Tuesday, December 28, 2010

The Most Important Green Business Stories of 2010

On December 21, Bloomberg Business published Harvard Review's most important stories affecting the greening of business in 2010. Here is a rough summary of the review.

US Politicians Fail to Pass Climate Legislation

The US Senate's failure to pass climate change legislation impedes global efforts to address climate change and undermines the competitiveness of American companies. The Republicans midterm election victory in the House of Representatives have definitively killed any hope of US climate legislation for at least two years. While the American legislature dithers, governments in the rest of the world are helping businesses to make the transition to a low carbon economy.


China has assumed a leadership role in renewable energy. China is now the world's largest solar producer and they now control almost half of the $45 billion global market for wind turbines. While China's support for its renewables companies may violate the WTO accord, there can be no doubt that China is investing massively in the low carbon economy through technology and innovation driven development that focuses on energy saving, environmental protection, and the low-carbon economy.

Declining Resource Availability

Climate change is impacting on countries around the world and this is directly effecting the availability of resources. Russia had the worst drought in 1,000 years and Pakistan was inundated by flooding. These weather events directly affect resource availability. The drought in Russia destroyed 40% of its wheat crop, pulling 1/6 of the world's trade in the crop off the global market, driving up wheat prices. The floods in Pakistan helped double the price of cotton. There is also evidence that rare earth metals, so vital to green technologies, may soon be in short supply.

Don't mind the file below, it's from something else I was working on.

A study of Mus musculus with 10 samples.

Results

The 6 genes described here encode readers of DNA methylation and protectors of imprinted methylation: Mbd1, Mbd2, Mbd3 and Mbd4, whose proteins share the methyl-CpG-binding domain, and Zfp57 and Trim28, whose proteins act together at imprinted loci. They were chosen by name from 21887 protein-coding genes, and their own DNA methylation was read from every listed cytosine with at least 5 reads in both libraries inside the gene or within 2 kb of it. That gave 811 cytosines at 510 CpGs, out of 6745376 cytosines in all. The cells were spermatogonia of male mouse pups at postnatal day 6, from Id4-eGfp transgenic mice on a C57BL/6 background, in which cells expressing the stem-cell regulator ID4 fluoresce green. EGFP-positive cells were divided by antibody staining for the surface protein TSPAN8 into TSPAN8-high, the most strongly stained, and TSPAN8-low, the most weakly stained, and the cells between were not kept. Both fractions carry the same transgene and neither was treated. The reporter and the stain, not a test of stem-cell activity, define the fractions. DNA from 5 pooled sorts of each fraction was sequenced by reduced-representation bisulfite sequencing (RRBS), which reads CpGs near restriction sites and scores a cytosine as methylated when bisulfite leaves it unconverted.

The Growth of Electric Vehicles

A number of electric vehicles are now available in America and around the world. The Nissan LEAF and the Chevrolet Volt are amongst a plethora of electric vehicles that entered into the marketplace in 2010. An increasing number of companies are greening their fleets. This year GE announced that it would purchase 25,000 Electric vehicles including the Chevy Volt.

The Growth of Renewable Energy

The market for renewables is growing fast, in countries like Portugal almost half (45%) of the countries electricity comes from renewables. HSBC says the market for clean tech and climate change solutions will top $2.2 trillion by 2020.

The Growth of Sustainable Supply Chains

Despite the recession, there were numerous green supply chain announcements in 2010. These announcements include Wal-Mart which said it would eliminate 20 million metric tons of GHG emissions from its supply chain. We also saw major supply chain announcements from companies like IBM, Pepsi, Tropicana, P&G, and Kaiser Permanente.

Corporate Waste Reduction

Many corporations are working hard on waste reduction. GM announced that 62 of its plants now send zero waste to landfill, and UK retailer Marks & Spencer reached a 92% diversion rate on the way to its zero goals. Sony set a goal of zero environmental impact across its operations by 2050.

Sustainable Corporate Goals

Many large corporations are setting aggressive targets. Panasonic said it wanted its GHG emissions to peak by 2018 and it would greatly increase sales of eco-products. Unilever has announced that it would double sales by 2020 while halving its environmental impact the company has also announced other big goals.

The Greening of Small Business

Small companies are also seeing the value of going green. The fact that California's Bowman Design only has 10 employees and just 2,000 square feet of office space in Southern California has not prevented it from reducing the companies GHG emissions by 65% and saving $9,000 savings annually.